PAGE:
As more and more airlines struggle with profitability, one of the issues on the table seems to be the frequent flyer programs.
I frequently travel as a "real person" (buying a full fare ticket), and belong to a couple of these programs. On occasion, I've even cashed in my miles for a free ticket or two. Lately I've been reading that a lot of these programs may be changed, and it seems to be in a way less advantageous to us travelers.
When I talked with crew members about the state of the industry, one of the consistent questions is why we are giving away so many tickets. Why are members of our frequent flyer program allowed free upgrades? (Rarely is it that I see a full fare passenger in first class; they are usually all upgrades.) And why, when they aren't available, do the expect their free amenities to be provided to them in coach class? Why are we providing so many seats to be used for miles when we can't fill the ones we have with paying passengers and make a profit?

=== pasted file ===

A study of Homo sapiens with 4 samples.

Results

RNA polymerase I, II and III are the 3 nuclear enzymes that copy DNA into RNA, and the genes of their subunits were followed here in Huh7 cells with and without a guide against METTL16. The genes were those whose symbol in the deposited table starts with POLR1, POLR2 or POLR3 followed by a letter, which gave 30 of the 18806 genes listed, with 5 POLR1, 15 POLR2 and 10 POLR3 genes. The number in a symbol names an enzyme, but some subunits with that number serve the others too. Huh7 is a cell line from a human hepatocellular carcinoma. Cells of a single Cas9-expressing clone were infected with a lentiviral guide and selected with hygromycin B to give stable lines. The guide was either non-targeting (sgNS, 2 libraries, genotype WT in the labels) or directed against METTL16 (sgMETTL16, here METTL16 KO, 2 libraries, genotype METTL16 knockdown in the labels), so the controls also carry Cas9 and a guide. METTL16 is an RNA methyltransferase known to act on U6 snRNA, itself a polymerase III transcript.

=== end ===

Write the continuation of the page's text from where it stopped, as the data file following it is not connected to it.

All these are legitimate questions, and even though I understand the marketing and branding value of frequent flyer programs, it makes me wonder about their viability at a time when air travel is so cheaply priced.
Then I come across this Reuters article which explains how the airlines sell their mileage credits to a variety of sources, including hotels, restaurants, credit card companies, banks, car rental companies, etc. Turns out this sale of miles yields a very big influx of cash to the airlines. It's a billion dollar a year business.
Air Canada has spun off their loyalty program into a separate business unit, raising some 250 million dollars in cash. Although no U.S. carrier has announced a similar plan, yet, there appears to be potential for such a move.
Looks like we're not just in the transportation business anymore.